How the Time Value of Money Can Impact Your Net Worth
A dollar is a dollar no matter when you earn it, right? Turns out, that’s not exactly the case.
And when you’re working to build your net worth, that makes a huge difference as the years go by.
Here’s a look at how time and net worth can work together, and how you can make the time value of money work in favor of your net worth.
What is Net Worth?
Net worth is the total value of a person or company. It’s not to be confused with what you earn in a year—this is the total amount of money that you’re worth, your total assets minus your total liabilities.
When your assets are greater than your total liabilities, you are said to have a positive net worth. Conversely, if your total liabilities are higher than your total assets, you have a negative net worth. This is often the case for people who have outstanding debt, such as a mortgage, car payment, or student loans.
And because it gives a basic snapshot of whether you’re in the red or in the black, it’s a useful metric for understanding your overall financial health. Ideally, you should have a positive net worth—the bigger, the better. For most people, this boils down to what your life will look like once you stop working and what you’ll leave to your children, since you begin chipping away at your net worth and assets once you stop working.
Keep in mind that because your assets and liabilities evolve over time, your net worth changes with them. Part of the goal of investing is to boost your net worth as much as possible (and as sustainably if possible).
Calculating Net Worth
Net worth is easy to calculate—just subtract your total liabilities from your total assets. Thus:
Net worth = total assets – total liabilities
An asset is any resource of economic value that an individual, company, or organization owns or controls with the expectation of a future benefit. Most people’s assets include things like their home or car, but it also includes the value of your investment assets.
A liability is a financial obligation to another party which has not yet been paid for or completed. It’s any financial obligation that depletes your resources, such as a mortgage, car loan, student loan, credit card debt, medical debt, and so on.
If you’re financially healthy, your liabilities should be fairly minimal, and your net worth should be positive. Because many people have limited resources and have to take on liability to afford things like a house or car, it may take a while to reach a positive net worth. Your investments can help you get there.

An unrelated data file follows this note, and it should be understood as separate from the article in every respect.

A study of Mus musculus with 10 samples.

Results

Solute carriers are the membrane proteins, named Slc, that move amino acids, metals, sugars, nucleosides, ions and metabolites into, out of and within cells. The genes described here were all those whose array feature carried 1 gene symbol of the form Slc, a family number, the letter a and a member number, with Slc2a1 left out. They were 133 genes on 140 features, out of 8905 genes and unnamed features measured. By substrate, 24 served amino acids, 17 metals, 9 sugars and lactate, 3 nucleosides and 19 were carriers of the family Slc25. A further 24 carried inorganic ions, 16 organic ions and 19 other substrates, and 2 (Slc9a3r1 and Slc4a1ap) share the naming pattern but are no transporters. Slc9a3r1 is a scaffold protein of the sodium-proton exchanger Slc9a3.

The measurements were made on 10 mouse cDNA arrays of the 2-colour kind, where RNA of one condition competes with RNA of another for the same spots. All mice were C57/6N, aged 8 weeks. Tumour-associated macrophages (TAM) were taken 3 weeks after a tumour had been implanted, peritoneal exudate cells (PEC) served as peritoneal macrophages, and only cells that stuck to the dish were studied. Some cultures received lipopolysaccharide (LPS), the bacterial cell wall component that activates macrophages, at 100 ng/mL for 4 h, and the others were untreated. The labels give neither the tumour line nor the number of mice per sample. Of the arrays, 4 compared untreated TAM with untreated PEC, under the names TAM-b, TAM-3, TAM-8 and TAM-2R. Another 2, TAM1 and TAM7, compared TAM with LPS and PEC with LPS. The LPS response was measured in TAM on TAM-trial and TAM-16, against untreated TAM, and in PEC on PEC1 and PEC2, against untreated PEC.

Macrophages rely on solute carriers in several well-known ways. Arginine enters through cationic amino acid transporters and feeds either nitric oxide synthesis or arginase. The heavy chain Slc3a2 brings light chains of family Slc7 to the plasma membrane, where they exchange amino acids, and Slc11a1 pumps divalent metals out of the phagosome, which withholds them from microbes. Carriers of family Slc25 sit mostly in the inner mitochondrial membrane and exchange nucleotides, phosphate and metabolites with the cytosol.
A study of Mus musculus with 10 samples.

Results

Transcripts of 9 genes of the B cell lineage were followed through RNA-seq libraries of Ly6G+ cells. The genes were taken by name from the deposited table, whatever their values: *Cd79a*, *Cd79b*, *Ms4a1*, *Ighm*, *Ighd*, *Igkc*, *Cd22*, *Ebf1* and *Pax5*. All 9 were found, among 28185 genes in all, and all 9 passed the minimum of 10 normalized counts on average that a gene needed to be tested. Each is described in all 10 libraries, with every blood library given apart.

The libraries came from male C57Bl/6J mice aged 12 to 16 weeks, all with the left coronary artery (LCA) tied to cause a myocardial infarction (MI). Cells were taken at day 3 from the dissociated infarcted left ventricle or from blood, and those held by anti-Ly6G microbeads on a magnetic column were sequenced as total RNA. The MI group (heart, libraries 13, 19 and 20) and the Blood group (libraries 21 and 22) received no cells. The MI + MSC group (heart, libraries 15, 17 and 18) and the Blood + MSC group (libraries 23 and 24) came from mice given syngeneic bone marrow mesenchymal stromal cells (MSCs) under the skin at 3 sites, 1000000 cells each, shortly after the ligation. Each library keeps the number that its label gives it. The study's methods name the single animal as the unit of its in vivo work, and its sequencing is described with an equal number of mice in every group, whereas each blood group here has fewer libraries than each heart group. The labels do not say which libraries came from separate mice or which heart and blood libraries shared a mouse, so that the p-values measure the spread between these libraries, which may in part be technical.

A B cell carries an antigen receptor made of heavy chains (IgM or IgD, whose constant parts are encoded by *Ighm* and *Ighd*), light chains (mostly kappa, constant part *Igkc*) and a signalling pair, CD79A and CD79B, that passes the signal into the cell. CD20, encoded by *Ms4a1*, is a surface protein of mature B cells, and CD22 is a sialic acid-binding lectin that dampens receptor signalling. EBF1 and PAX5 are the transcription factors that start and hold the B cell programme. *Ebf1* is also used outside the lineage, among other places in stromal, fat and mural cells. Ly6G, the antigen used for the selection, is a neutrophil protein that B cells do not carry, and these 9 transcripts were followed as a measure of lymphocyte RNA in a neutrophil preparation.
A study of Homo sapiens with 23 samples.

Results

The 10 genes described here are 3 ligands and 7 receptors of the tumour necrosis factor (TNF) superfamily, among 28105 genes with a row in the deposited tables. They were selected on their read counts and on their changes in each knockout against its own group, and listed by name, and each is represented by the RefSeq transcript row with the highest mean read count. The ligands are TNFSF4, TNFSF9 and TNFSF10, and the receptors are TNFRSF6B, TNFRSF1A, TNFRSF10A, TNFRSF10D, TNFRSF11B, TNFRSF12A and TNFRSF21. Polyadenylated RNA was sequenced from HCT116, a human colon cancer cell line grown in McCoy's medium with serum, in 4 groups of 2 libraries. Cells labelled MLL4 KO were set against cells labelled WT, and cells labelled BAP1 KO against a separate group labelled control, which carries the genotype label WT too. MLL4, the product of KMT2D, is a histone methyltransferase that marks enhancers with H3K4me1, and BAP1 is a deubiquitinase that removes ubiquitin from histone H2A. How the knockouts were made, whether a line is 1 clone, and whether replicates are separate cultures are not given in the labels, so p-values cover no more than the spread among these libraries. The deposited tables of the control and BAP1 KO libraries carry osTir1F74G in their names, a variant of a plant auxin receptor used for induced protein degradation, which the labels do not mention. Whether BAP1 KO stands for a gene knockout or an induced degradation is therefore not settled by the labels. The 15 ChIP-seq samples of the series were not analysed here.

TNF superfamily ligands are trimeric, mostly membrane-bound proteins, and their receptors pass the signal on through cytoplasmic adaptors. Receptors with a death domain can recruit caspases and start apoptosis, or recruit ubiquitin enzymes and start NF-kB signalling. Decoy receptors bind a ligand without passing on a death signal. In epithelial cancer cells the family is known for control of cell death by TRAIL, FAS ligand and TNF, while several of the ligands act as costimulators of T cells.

What is the Time Value of Money?
This brings us to the time value of money, a basic financial concept which holds that money in the present is worth more than the same sum of money received in the future. That’s because the money you receive today has the potential to grow—for example, if you invested and earned a return on the money. Plus, future money carries the risk that the money may never be received, since you don’t know what might happen in the future.
If that sounds counterintuitive, it helps to imagine the time value of money in action.
Let’s say someone offered to pay you $100 now or $110 in a year. The right pay option depends on your expected investment return if you took the money now. If you’re confident you can earn at least a 10% return by investing the money the right way, it’s worth taking the money now. If not, you’re better off accepting the same value in a year, when you can use it for better returns…as long as you trust that the payee will give you your money in a year’s time.
Calculating Time Value of Money
The formula to calculate the time value of money varies depending on the situation. In most cases, the formula accounts for variables like present value, interest, compounding interest, compounding periods per year, and the number of years. A good basic formula looks something like this:
Future value of money = present value of money x [1 + (interest rate/number of compounding periods per year)] ^ (number of compounding periods per year x number of years)
You should also keep in mind that the time value of money is also tied to inflation and purchasing power. A dollar today isn’t worth as much as a dollar in ten years and advanced calculations account for that. For now, though, you can stick to the basic formula as a reference point.
How Time and Net Worth Work Together
If this sounds like a hypothetical exercise, remember that investing is all about growing your money with the available information. Your ultimate goal is to grow your net worth. But the time value of money influences those calculations because it changes your understanding of value and the best possible investment decision.
By adding the time value of money into your calculations, you can get a better estimate of what performance you would need to see to achieve your investment goals. It also gives you a better understanding of your options. If you know how to calculate correctly, that ultimately shakes out in favor of your net worth.